Share Mobility, which provides transportation solutions for companies, today announced that it closed a $12 million Series A led by Iron Gate Capital and Renewal Funds with participation from Employment Technology Fund, JobsOhio, Seamless Capital and others. CEO Ryan McManus said that the goal with the new cash will be threefold: supporting growth, people and product.
“The funding allows us to grow into our enterprise customers’ more than 2,000 locations across the country and hire the right people to make it happen,” McManus told TechCrunch in an email interview. “We are well-positioned to expand our footprint in the areas they are asking us to expand, as well as add more features to our platform.”
Founded in 2016, Share was initially focused on autonomous vehicles. But it later pivoted to “mobility as a service”; McManus says that the company found a product-market fit during the pandemic.
“When people started to return to work and companies were in dire need of workers, we quickly realized that if companies are able to hire people that don’t own cars, their hiring pool increases from 20% to 60%. And that was the revelation — to offer a service that helps employers get employees to work, to fill those job openings and retain them,” McManus said. “We showed enterprise companies that they can solve their workforce shortage by providing transportation as an employee benefit. Companies like Google were already providing it as a perk for employees in major hubs, but as more enterprise companies stake their claim into regions like the Midwest, the need for reliable commuter transportation was clear.”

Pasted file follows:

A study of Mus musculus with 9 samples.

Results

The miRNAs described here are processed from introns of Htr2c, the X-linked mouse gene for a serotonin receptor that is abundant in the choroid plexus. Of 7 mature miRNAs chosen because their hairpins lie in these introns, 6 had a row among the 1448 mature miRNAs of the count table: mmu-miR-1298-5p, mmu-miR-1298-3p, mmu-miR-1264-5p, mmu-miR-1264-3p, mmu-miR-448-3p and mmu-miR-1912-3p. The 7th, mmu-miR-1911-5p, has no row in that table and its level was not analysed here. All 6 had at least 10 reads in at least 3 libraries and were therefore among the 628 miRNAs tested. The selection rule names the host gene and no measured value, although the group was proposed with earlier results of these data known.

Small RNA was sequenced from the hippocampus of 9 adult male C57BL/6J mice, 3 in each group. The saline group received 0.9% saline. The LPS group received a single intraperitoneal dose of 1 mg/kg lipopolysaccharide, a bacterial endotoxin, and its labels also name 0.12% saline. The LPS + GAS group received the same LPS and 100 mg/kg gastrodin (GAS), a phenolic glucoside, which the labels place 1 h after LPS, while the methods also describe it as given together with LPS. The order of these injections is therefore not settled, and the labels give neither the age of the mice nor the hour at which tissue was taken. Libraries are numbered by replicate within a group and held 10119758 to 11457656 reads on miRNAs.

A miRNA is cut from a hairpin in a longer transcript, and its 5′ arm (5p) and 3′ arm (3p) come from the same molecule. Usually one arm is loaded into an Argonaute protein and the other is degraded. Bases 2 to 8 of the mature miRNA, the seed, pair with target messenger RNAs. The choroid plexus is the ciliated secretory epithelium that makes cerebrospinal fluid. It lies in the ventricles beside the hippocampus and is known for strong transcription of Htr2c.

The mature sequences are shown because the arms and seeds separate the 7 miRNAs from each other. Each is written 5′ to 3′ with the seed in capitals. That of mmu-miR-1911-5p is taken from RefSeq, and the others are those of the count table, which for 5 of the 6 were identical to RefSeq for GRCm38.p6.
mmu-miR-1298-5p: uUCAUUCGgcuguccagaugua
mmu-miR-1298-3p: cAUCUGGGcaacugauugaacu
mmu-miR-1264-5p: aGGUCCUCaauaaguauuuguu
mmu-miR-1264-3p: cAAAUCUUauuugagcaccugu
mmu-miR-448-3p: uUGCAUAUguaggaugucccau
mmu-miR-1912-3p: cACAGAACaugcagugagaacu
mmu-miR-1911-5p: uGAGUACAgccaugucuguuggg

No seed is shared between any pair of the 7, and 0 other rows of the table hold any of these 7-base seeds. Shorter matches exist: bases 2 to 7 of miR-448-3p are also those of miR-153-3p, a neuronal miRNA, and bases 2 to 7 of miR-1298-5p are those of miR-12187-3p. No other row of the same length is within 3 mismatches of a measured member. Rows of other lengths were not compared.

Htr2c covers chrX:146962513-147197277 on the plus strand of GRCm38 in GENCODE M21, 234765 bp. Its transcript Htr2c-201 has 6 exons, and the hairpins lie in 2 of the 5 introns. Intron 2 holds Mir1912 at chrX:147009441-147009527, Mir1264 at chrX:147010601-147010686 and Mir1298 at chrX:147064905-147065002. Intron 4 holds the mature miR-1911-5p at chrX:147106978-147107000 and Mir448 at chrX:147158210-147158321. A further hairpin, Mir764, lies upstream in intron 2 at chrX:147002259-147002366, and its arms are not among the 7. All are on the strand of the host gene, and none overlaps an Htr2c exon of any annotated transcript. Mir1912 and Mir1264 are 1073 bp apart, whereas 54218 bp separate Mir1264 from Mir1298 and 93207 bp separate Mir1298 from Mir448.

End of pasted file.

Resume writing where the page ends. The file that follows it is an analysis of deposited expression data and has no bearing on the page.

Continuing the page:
Transportation is a common employee perk among tech giants (excepting those under pressure from activist investors, perhaps). As of 2020, there were an estimated 1,020 private commuter shuttle buses in the Bay Area — a private transportation system worth more than $250 million. Some Silicon Valley buses travel as far as 55 miles from San Francisco to pick up workers daily.
The dramatic expansion of private shuttle programs reflects the pressures that the tech industry has put on major cities. In Silicon Valley in particular, high salaries have driven up housing prices, forcing white- and blue-collar workers to move farther away from their jobs. Absent affordable public transportation or shuttles, employees are forced to pay out of pocket to get to work. This disproportionately impacts low-income workers; according to the U.S. Department of Transportation, low-income Americans spend 37% of their income on commuting — a percentage that’s likely to increase with rising gas prices.